5 Gems From Black Business Masterminds That Will Hugely Impact Your Career

Here's what you missed at the Black Business Student Association Elevate Conference

(Image: BBSA Elevate Conference Room)

 

No chair was left unoccupied at the 35th Annual Black Business Student Association (BBSA) Conference held at Columbia University on March 25, 2017. In fact, you could see people standing by tables in hopes of securing one of the coveted seats for receiving the million-dollar success tips given by the panelists and speakers.

Led by Columbia University BBSA Elevate Conference Chair Darius Gant and Vice Chair Antonia Hyman, the combined economic and social powers of the conference’s luminaries was enough to make this a red-carpet event. Students, alumni, and professionals conversed about “Building the Black Community from the Boardroom.”

And when you’re among the best and brightest business masterminds, anything can happen! Here are five takeaways from the conference that we need to use to advance diversity in leadership:

 

1. Become the CEO of Your Career

 

The opening keynote was delivered by Tracey T. Travis, EVP and CFO of Estée Lauder. She shared her career highlights and wisdom that every young professional should keep on hand.

“Manage your own career. Don’t wait for someone to approach you, or you will be left behind,” she said, “Have coffee with others. You need to have dialogues with people about what you want in your career.”

 

2. Be an Active Participant Instead of a Bystander

 

Moderated by Chijioke Asomugha, co-founder and managing partner at the Inkwell Group, the Finance panel discussed ways to invest in black communities for igniting social change.

So where do we start? John Rogers, founder of Ariel Investments, suggests that we find out how to gain access to more customers and be an active voice for diversity when on a leadership team.

“Service suppliers need contracts with minorities. Then, … measure the spending,” says Rogers. “We also need more people to support civil rights organizations… We have to speak out loudly and consistently about civil rights. If you’re silent, the CEO will think everything is alright.”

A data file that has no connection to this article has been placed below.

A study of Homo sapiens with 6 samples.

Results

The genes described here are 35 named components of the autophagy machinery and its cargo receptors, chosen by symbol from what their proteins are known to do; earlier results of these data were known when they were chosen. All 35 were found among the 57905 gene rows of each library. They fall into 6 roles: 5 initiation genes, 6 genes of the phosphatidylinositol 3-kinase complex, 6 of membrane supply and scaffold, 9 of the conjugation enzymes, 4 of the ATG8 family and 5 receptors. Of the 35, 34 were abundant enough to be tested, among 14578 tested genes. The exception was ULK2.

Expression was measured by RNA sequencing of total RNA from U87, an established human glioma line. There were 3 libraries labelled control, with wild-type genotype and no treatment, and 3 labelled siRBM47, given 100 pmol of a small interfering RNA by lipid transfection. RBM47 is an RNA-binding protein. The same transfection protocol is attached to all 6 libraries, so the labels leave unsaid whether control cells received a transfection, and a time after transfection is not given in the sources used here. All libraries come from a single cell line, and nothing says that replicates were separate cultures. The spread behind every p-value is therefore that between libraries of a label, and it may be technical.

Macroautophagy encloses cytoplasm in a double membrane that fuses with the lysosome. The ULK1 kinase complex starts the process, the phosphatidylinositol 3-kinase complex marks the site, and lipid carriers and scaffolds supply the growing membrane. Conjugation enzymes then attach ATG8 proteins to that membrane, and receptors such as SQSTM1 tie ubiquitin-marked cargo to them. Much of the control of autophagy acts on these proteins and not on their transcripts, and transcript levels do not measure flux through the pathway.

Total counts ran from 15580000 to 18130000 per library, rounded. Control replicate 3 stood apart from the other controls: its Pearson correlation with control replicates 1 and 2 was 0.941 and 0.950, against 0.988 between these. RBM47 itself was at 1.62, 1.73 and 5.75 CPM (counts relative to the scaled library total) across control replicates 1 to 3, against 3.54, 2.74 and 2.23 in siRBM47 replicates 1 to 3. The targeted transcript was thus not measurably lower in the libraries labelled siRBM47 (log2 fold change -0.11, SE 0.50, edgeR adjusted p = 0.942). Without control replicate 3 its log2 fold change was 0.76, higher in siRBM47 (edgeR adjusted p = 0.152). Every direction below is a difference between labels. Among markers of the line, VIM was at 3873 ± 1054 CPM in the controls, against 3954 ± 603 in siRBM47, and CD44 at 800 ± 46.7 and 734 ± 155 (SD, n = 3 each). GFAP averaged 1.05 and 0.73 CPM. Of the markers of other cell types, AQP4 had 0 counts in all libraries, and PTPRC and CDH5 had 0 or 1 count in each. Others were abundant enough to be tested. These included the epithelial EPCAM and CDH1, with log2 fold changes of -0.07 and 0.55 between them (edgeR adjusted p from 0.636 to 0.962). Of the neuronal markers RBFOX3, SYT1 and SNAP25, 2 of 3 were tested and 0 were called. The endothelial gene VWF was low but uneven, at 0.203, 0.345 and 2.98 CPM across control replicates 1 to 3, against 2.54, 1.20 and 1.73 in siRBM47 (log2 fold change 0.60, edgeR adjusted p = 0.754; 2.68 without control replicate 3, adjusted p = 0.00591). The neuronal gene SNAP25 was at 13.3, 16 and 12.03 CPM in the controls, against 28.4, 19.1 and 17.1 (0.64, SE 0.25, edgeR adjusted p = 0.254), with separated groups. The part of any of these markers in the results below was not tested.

Panelist Steve Holman, a professional-athlete-turned-principal at Vanguard, shared stories about how his nontraditional background impacted his career confidence.

“We focus too much on differences and not on similarities,” says Holman. “We need to focus on commonalities in order to leverage relationships [in the workplace].”

If we could wave a magic wand to change the paradigm, Melissa James, vice chairman of Global Capital Markets at Morgan Stanley, wishes that we could eradicate biases and raise stakes in terms of accountability.

“We need to have targets for representation of women and more transparent goals about diversity and inclusion.”

 

 3. Put A Massive Amount of Effort Forward

 

(Image: BBSA Elevate Conference)

 

Robert F. Smith is the chairman and CEO of Vista Equity Partners, a private equity firm with over $28 billion in capital commitments. Conference Chair Gant asked Smith about his approach to entrepreneurship.

“Make sure you are the most skilled in the market,” says Smith, “Then find out what it takes to sustain that advantage. Get engaged in the existing industry infrastructures. Meet up on [the weekend] with like-minded people so you can become an expert.”

Do this, and “you’ll be far ahead of others in the industry. … There are wonderful things that come [from] being really good at something. With success comes invitation.”

 

4. Own Your Narrative

 

African American millennials consume more content than any other demographic, and the average black person watches more than eight hours of TV per day. How can we use this data to drive our audience to media we own?

Media entrepreneur Keith Clinkscales says that in order to be successful in media, you must “learn the audience, move quickly, get in the game, and execute.”

The founder of Blavity, Morgan DeBaun, recommends that you “fail fast” and “don’t get attached to the golden handcuffs” if you want ownership and autonomy.

George Tillman did what it took to share his authentic voice and story with the world, raising $150,000 to write and direct his first feature film in Chicago. Tillman says to figure out “how to get your films on TV and own your narrative.” One lesson he learned is not to sell all your rights to your work because you miss out on long-term benefits, which can be millions of dollars that you can’t touch.

Will Packer, an Emmy-nominated film producer, made his first million by traveling to demographically rich locations to promote his work. “We live under the same economic imperative. We have to make revenue. … The ecosystem is so big that you don’t need Hollywood now.”

 

 5. Become a Go-to Person

 

The conference closed with a keynote speech delivered by Kathy Waller, EVP and CFO of The Coca-Cola Co. She talked about the importance of being a “go-to” person.

“My go-to people are subject-matter experts,” says Waller. “They are problem-solvers. When they identify a problem, they give me possible solutions instead of dropping the problem off at my feet. “

Waller gave five tips on how to become a go-to person:

  • Be clear about who you are. Authenticity is key.
  • Differentiate yourself. Why should someone promote you vs. someone else? What do you want to be known for?
  • Be a team player.
  • Know how to get things done.
  • Be a good people manager. Get people to move constructively forward.